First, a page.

Matlab 6 used to have a function
flop to count them, but it was removed in later versions. The main reason was technical (they switched to LAPACK as the linear algebra core, and it did not return a flop count).
Today this option isn't available anymore; there is no easy equivalent, so if you wish to have one you'll have to count them yourself using the definition and your best guess on how these operations are implemented. It should be easy to come up with big-O estimates; not always so to pin down the exact constant. In the examples you ask for it is easy to guess what Matlab is doing and counting the operations by hand, but it isn't always so.
In some cases, such as the QR/Francis algorithm for computing eigenvalues (
eig), this "constant" will depend on the specific matrix. Appendix C of Higham's Function of Matrices contains good reference values for some dense linear algebra operations. However, the real answer depends on the details of Matlab and LAPACK implementation, which is ultimately unknown since the former is closed source, and it will often change from version to version.
In addition, let me point out that the answer depends on how you define $O$ / $\Theta$ complexity. A common choice in most theoretical papers is "arithmetic operations such as sums and products count 1, everything else is free" (sometimes called flop count). With this definition, however,
find costs zero, since it makes a bunch of comparisons but no true arithmetic operation. To play devil's advocate, you can even replace a floating point operation with a bunch of comparisons and assignments. So there are plenty of reasons to think that it is not a good choice.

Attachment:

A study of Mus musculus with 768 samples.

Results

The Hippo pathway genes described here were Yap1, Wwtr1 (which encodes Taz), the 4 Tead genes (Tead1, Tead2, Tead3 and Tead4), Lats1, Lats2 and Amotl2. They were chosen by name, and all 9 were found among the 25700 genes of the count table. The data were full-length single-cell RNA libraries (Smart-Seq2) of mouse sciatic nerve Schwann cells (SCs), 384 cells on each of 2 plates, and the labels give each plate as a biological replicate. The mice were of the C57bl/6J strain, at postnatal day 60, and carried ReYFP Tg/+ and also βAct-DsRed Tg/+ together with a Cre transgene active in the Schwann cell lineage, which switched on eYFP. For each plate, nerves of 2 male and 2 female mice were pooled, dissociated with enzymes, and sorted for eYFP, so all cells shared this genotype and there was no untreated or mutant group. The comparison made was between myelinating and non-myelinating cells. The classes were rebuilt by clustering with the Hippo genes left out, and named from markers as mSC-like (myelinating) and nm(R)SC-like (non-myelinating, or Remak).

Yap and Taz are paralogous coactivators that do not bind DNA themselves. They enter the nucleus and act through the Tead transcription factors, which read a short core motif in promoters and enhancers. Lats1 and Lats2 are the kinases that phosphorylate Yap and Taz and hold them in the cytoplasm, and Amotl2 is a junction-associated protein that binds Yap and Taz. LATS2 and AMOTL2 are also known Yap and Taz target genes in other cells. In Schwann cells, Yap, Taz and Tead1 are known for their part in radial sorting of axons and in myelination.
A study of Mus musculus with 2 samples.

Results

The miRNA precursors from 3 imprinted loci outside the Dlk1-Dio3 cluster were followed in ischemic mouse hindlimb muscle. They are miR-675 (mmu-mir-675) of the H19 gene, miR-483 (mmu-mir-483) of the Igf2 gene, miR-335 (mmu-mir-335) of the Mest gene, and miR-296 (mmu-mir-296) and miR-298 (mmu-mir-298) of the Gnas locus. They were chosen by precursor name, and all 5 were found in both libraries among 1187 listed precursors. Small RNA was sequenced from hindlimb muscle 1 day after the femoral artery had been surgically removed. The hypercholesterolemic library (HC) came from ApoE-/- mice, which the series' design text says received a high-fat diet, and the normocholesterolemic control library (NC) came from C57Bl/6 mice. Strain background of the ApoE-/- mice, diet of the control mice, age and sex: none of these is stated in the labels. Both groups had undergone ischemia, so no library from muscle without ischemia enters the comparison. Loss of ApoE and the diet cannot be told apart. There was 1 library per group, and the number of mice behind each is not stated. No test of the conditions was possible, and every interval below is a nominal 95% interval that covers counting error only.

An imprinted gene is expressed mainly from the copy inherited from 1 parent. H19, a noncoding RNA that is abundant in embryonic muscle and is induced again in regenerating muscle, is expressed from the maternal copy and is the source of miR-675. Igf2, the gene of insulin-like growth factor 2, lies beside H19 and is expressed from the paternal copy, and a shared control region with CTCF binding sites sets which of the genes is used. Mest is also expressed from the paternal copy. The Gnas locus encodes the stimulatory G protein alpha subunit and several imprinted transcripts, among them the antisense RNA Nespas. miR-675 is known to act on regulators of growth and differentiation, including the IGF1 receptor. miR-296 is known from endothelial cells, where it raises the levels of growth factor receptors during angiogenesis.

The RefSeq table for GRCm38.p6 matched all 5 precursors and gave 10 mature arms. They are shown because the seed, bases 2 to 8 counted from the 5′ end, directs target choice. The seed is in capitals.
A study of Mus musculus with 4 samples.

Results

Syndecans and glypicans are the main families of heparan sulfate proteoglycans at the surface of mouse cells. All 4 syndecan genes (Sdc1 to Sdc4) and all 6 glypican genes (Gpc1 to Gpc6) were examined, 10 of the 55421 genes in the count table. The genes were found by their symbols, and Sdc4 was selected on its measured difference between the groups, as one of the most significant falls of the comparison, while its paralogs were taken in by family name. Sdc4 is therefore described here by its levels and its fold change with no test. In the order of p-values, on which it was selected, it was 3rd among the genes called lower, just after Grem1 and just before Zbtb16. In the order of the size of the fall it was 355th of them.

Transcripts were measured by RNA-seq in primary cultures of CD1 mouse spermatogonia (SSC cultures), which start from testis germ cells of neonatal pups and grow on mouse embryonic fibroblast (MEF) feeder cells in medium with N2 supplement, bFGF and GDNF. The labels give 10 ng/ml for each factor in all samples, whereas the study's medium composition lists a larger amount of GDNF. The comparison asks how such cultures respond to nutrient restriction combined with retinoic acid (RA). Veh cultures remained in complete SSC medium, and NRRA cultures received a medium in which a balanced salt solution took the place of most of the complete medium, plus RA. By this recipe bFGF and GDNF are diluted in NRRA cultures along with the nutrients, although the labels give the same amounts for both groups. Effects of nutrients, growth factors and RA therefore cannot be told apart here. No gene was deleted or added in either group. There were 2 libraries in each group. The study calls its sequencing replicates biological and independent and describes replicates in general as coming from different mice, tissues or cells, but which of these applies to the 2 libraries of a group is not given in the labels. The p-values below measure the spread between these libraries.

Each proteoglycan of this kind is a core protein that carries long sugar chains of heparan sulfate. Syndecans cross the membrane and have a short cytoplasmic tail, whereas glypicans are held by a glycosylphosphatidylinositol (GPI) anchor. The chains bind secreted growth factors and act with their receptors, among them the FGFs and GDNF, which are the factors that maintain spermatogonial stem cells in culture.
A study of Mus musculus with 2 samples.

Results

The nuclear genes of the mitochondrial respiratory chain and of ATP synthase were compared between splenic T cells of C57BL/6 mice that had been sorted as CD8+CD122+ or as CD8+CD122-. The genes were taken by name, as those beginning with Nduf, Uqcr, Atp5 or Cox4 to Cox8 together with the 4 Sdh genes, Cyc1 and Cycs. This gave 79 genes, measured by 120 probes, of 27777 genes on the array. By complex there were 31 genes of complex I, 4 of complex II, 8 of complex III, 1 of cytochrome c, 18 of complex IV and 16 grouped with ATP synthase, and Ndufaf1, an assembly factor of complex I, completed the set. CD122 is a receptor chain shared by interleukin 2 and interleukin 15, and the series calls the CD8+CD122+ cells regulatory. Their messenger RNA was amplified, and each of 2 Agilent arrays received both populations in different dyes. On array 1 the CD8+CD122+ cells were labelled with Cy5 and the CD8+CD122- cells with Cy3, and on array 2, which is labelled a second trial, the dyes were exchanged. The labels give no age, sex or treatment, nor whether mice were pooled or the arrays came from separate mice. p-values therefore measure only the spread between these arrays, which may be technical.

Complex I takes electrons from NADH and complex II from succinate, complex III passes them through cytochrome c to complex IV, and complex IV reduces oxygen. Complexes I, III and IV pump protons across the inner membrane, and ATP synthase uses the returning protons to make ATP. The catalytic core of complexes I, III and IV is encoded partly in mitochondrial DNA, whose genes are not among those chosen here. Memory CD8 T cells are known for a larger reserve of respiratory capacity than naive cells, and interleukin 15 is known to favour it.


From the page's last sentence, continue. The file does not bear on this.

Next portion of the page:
For a less contrived example, consider Gaussian elimination with complete pivoting: it has the same flop-count cost as partial pivoting, but it involves $O(n^3)$ comparisons rather than $O(n^2)$, and these comparisons increase its actual cost.
Moreover, the execution time on a modern computer does not depend (only) on flops anymore. Details such as memory layout, cache misses, branch prediction have a large impact. There is no easy way to tell how long an operation will take, apart from running it and measuring the time. Check out this thread for an illuminating example. There is a whole research area on how to reduce "hidden costs" such as memory access in linear algebra operations; check for instance the section "communication-avoiding algorithms" on Jim Demmel's home page.
The performance of Matlab itself is another can of worms. Matlab is an interpreted language, and it does lots of additional work and bookkeeping between the lines. If you use Matlab profiler to check which instructions take the most time, you'll often find that the culprits are surprisingly unusual lines such as memory allocations, comparisons, or calls to functions which do almost nothing. Merely putting a function in a namespace or a class can have a huge impact on its execution time.
A JIT compiler (Matlab accelerator) optimizes some tight cycles, but since it is itself closed-source and continuously evolving, it's impossible to predict if and when it will kick in. The Mathworks explicitly refuse to provide an interface to tell if a function has been JIT-compiled or not.